August 08, 1993|ELIZABETH HANSEN | Elizabeth Hansen, a Los Angeles playwright and writer, contributes regularly to TV Times

Finally, my favorite summer television is in full swing. Swing being the operative word. Never mind the reruns (did you ever think you could see Murphy Brown have her baby that many times?), never mind the pilots for new shows (that are worse than last year's) and never mind

My summer television can be described in four letters. Four glorious letters that I think embody what America stands for. Recreation, sportsmanship and wealth.

Now these four letters, when put together, form what we identify as a word but in reality isn't a word at all. It's an anachronistic acronym. (Try saying that three times fast.)

We all know that an "acronym" is a group of letters that represent the first letter of each word in a phrase. Like, POSH (Port Out, Starboard Home) or RADAR (Radio Detecting and Ranging). And "anachronistic" means that the phrase or word is very old. Well, not, like, dinosaur old, but the Hallmark birthday greeting of Willard Scott kind of old. Shall I give you a hint?

It's a summer sport--unless you happen to be playing in Australia in January, which would still make it a summer sport. It involves a ball and a really expensive metal stick, and women find it difficult in private arenas to get a good time to play it on Saturday mornings. Have you guessed? Let me make it easy for you. The acronym stands for, brace yourselves fellow females: Gentlemen Only, Ladies Forbidden.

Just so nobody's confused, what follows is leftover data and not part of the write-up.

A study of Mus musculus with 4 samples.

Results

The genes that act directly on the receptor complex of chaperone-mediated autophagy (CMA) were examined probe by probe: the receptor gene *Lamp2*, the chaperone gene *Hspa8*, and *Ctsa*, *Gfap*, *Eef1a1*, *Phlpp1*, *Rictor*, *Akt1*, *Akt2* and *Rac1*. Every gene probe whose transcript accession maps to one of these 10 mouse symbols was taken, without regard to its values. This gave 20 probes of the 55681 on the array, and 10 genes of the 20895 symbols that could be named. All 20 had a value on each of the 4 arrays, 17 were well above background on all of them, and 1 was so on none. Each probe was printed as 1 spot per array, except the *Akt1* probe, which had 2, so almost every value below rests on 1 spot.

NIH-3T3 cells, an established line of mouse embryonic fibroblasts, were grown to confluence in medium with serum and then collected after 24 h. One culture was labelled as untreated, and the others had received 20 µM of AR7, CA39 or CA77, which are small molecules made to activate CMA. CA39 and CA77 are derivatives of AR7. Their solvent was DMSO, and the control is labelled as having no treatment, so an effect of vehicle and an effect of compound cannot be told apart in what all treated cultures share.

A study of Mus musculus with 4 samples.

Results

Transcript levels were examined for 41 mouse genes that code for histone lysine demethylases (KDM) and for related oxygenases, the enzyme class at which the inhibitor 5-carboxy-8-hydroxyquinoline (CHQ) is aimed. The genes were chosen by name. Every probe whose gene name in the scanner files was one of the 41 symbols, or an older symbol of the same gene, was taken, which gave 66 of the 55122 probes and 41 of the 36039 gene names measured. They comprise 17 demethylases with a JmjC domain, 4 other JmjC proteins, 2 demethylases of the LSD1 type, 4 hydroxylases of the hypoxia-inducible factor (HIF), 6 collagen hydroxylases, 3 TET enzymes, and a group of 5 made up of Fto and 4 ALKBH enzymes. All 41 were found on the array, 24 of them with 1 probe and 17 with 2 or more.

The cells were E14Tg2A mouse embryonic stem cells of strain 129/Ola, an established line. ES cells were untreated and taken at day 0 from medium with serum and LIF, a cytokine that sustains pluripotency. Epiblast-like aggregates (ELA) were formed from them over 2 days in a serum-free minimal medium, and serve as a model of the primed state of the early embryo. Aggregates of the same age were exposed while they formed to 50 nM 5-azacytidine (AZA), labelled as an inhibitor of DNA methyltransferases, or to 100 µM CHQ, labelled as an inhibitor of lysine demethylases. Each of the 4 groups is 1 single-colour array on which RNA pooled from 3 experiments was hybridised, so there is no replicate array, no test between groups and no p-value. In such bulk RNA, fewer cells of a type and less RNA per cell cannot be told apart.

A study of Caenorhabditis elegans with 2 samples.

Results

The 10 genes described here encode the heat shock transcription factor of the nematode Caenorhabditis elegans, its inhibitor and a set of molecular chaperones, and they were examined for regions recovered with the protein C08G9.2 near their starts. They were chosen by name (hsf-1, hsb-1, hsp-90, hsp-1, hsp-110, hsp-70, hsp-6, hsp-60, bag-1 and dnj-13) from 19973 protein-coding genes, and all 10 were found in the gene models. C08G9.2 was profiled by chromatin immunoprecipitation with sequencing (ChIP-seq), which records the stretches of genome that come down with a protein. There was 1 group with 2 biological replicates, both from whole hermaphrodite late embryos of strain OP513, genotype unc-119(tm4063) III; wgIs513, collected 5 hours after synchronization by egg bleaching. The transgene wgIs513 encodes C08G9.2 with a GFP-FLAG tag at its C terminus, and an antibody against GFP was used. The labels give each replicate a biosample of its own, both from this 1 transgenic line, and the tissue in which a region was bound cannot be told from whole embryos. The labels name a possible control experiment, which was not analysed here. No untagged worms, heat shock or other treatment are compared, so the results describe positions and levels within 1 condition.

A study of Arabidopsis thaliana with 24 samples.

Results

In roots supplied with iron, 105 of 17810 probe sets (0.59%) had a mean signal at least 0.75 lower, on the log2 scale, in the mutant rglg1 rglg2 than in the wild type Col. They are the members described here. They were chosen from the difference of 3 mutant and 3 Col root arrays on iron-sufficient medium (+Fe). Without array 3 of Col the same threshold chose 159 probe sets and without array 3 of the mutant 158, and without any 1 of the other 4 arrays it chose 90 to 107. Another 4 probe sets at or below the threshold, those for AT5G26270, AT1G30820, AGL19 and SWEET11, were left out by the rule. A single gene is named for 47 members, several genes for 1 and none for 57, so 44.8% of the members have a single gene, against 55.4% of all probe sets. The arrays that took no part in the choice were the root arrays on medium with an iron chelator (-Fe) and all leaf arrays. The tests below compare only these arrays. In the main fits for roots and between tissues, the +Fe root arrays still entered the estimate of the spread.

Yep, GOLF. The most beautiful sporting word in the English language. I know there are thousands of people out there who think watching golf on TV is about as exciting as burning the roof of your mouth. But that's because you, more than likely, don't play the game. When you do, you discover the complexities of a truly great sport. To me golf is like life. You hit a great tee-shot and end up in a sand trap. You hack away at it like some blithering idiot until finally, after great toil, you reach the green and one-putt. Heaven.

TV golf is tremendous fun to watch. Not only do you learn many useful tips from the pros, you get to make fun of the golfers' outfits. But when one of those pros in the plaid pants hits a long drive, how do the camera operators keep focused on those little white balls? I can't ever see mine. I can't ever find mine. But I digress.

When push comes to shove, I watch golf on TV to see the "thrill of victory and the agony of defeat." To see expert athlete vs. expert athlete. Unlike, say, football, which I watch to see the players' tushes. Heaven knows, I don't tune into golf for the tight ends.